Prime Minister Shinzo Abe and Georgian President Giorgi Margvelashvili signed a joint statement Friday to declare “solidarity for peace and democracy” and call for a peaceful settlement to his nation’s row with Russia over Abkhazia and South Ossetia.
“We reiterated Japan’s position to support peaceful solution of the issue based on the principle of territorial integrity of Georgia,” Prime Minister Abe told reporters at his office following a summit with the Georgian leader.
Russia took control of Abkhazia and South Ossetia in 2008 and set up quasi-states, according to Margvelashvili.
According to Russia, Abkhazia and South Ossetia are not occupied territories, but independent states.
“We are thankful to the Japanese government for supporting us on one of the most problematic issues, supporting the peaceful resolution of the occupied territory issues in Georgia,” Margvelashvili said, adding the region currently faces “further attempts of annexation.”
At a speech Tuesday in Tokyo, the 45-year-old president claimed that Russia is trying to take over every function of the quasi-states and is integrating them socially, militarily, politically and judicially.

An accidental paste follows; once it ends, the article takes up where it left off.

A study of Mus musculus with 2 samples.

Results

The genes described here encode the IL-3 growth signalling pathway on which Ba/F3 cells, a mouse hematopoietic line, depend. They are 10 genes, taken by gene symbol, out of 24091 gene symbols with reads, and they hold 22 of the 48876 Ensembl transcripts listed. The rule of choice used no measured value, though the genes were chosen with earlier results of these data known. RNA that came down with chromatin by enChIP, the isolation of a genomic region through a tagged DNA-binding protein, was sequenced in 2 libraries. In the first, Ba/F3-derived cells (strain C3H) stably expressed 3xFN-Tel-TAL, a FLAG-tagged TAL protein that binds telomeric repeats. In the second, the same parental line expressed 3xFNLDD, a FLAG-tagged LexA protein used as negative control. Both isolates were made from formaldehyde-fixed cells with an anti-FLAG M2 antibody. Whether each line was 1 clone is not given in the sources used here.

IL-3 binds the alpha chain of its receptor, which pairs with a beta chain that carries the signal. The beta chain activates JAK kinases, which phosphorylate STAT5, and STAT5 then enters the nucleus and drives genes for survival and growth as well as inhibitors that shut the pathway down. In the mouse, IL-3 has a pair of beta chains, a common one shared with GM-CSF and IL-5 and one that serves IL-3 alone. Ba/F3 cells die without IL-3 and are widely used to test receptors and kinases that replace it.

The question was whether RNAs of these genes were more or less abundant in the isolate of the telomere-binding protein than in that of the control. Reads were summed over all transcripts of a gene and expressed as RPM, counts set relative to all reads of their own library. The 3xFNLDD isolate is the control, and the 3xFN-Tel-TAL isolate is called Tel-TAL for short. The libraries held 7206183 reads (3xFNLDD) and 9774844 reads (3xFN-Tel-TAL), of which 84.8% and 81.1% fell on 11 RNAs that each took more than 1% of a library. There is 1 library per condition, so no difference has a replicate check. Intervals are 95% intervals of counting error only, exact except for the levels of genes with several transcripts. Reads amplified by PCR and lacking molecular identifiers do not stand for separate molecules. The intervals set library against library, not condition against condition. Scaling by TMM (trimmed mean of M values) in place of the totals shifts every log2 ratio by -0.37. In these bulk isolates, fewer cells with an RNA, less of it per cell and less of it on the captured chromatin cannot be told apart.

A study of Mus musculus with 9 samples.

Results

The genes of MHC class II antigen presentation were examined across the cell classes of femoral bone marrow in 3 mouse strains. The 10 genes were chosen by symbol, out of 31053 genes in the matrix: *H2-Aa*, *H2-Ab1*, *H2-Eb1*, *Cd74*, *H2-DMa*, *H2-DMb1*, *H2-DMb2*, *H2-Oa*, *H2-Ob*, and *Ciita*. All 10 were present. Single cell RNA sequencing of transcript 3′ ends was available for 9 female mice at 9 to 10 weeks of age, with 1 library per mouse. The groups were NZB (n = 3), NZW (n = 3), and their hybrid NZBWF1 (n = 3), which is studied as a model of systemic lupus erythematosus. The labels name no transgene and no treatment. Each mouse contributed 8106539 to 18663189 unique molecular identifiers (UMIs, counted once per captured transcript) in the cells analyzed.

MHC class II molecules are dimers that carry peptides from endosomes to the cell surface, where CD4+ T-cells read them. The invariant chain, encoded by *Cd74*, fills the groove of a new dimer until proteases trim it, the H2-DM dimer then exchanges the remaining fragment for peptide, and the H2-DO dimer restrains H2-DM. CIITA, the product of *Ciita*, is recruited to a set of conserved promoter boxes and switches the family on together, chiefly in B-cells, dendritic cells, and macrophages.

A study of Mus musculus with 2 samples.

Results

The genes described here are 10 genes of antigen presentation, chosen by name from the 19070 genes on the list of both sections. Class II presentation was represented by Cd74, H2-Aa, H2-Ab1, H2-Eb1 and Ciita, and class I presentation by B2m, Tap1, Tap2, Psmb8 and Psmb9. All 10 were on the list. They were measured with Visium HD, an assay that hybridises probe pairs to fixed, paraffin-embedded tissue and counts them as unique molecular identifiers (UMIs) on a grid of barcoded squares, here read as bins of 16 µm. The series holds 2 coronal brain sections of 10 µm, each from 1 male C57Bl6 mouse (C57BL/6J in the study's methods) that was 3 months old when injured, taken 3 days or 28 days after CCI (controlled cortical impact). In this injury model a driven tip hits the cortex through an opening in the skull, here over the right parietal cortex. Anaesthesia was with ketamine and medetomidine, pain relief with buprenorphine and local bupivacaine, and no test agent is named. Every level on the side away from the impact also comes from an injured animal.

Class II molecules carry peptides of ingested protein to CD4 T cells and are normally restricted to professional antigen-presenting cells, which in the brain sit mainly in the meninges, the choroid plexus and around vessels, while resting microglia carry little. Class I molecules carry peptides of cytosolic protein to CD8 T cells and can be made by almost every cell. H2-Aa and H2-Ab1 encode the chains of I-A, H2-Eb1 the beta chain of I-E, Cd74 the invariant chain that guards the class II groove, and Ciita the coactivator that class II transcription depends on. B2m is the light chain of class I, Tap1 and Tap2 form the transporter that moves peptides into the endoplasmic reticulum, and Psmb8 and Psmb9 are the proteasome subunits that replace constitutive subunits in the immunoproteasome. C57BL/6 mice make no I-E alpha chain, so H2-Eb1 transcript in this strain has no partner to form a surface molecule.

The joint statement said Japan and Georgia “oppose any unilateral attempts to change Georgia’s internationally recognized borders.”
On a different note, Abe said the Japanese government is willing to comply with Margvelashvili’s request to not use “Gurujia” when referring to his country. Gurujia derives from the country’s name in Russian. Margvelashvili is requesting that Japan use the English name Georgia instead.
Margvelashvili appreciated Abe’s response.
“We are thankful to Japanese government for considering our request of changing the naming, the sounding of our country.”
Georgia has been making the request since around 2009, according to a Foreign Ministry official.
Tokyo was reportedly reluctant to comply because people might confuse the country with the U.S. state of Georgia.
On the economic front, Abe pledged to provide grant aid to promote Georgia’s development, though he stopped short of mentioning the amount. He also said they agreed to expand trade and investment between the two countries.
Earlier in the day, Margvelashvili met Emperor Akihito and Empress Michiko.
Margvelashvili arrived Japan on Tuesday, making his first visit since he was elected president in October 2013. He will conclude his five-day visit on Saturday.
Margvelashvili served as provost at the Georgian Institute of Public Affairs from 2000 to 2006 and from 2010 to 2012 before being appointed as Minister of Education and Science in 2012.